714.44A15/112: Telegram

The Secretary of State to the Minister in Guatemala (Des Portes)

5. Your telegram no. 7, January 29, 7 p.m. Please telegraph at once a report of any significant remarks made by the Foreign Minister with respect to the note presented by the British Minister relating to the Belize question.

In the event of future conversations with the President or the Foreign Minister, it would seem desirable for you to endeavor to get across the idea to them that although they may find unsatisfactory the terms of reference submitted by the British Minister, nevertheless, by using these terms of reference as a basis for discussion the Guatemalan Government might through direct negotiation succeed in improving them to the point where they are satisfactory to it. This will undoubtedly require patience and tact and persistence and the absence of public recrimination, but a mutually satisfactory solution of the entire problem is certainly worth the time and effort of both parties. Of course, this Government will be glad to do what it can appropriately at any time to assist this process of direct negotiation between Guatemala and Great Britain.

Within these limits, and after setting forth the Department’s views as indicated, you may say that you feel confident that the Department will be pleased to give its attentive consideration to whatever views the Government of Guatemala may desire to present regarding the British note.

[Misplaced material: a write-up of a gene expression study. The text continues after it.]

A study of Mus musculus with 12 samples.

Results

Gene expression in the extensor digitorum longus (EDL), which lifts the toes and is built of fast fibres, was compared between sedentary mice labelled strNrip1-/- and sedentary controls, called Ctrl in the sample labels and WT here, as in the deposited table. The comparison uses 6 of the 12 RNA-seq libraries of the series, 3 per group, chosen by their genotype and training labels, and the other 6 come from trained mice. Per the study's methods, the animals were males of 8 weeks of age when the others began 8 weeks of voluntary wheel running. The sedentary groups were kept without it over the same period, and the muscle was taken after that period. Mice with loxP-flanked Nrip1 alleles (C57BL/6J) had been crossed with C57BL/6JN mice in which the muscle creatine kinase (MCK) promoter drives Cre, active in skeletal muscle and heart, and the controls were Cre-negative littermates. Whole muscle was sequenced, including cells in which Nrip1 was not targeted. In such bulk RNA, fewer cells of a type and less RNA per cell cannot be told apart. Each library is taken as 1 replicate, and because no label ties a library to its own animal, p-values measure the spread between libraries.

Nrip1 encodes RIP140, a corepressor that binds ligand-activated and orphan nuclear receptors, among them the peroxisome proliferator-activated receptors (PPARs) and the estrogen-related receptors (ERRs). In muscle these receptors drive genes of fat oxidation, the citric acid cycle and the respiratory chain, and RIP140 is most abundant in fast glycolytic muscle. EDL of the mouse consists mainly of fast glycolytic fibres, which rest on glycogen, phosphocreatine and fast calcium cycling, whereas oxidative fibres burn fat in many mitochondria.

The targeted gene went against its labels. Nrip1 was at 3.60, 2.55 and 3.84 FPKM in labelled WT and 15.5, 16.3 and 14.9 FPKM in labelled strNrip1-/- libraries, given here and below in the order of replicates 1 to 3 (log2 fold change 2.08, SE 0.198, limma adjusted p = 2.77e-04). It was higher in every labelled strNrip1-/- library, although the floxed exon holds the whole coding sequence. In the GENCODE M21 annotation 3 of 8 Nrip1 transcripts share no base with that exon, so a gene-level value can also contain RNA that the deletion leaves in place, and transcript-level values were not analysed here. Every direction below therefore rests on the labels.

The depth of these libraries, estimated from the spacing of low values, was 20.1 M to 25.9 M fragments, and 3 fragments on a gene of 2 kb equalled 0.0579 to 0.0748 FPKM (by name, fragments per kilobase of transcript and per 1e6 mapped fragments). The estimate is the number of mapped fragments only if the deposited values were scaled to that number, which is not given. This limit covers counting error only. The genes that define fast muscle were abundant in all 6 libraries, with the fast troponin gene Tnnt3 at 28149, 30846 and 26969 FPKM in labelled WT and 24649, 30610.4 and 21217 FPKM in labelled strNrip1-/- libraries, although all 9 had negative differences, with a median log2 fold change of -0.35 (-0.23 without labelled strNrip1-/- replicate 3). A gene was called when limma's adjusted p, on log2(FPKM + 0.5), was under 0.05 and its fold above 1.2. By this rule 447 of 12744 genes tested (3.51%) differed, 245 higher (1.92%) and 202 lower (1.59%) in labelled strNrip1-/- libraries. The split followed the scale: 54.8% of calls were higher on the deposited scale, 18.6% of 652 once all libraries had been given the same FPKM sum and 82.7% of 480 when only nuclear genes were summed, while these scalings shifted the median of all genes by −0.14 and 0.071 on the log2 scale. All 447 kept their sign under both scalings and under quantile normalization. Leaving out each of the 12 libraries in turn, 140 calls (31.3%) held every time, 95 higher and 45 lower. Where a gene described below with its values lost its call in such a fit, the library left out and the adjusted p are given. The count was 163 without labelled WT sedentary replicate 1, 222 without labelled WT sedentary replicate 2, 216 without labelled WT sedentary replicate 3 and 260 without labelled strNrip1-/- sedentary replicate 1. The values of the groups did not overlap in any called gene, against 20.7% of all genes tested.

For your guidance and information, I am sure you understand that although this Government will do whatever it can in this matter, it cannot become responsible for carrying the burden of the negotiations [Page 424] for the settlement of this dispute. This must rest on Guatemala and Great Britain. This Government entered the picture at a time when direct negotiations between the two countries had not attained any progress towards a solution. We were glad informally to urge the British to a reconsideration of their position. We believe that the presentation of a note by the British, however unsatisfactory that note may be to Guatemala, represents a first step forward. Now that the British have presented a proposition in writing, it would seem that the next step is for the Guatemalan Government to examine it and to reply. This Government, however, cannot undertake to argue the Guatemalan case before Great Britain. Guatemala must do that for herself. Our contribution will be an endeavor to keep the negotiations moving forward and to secure full consideration by Great Britain of Guatemala’s views.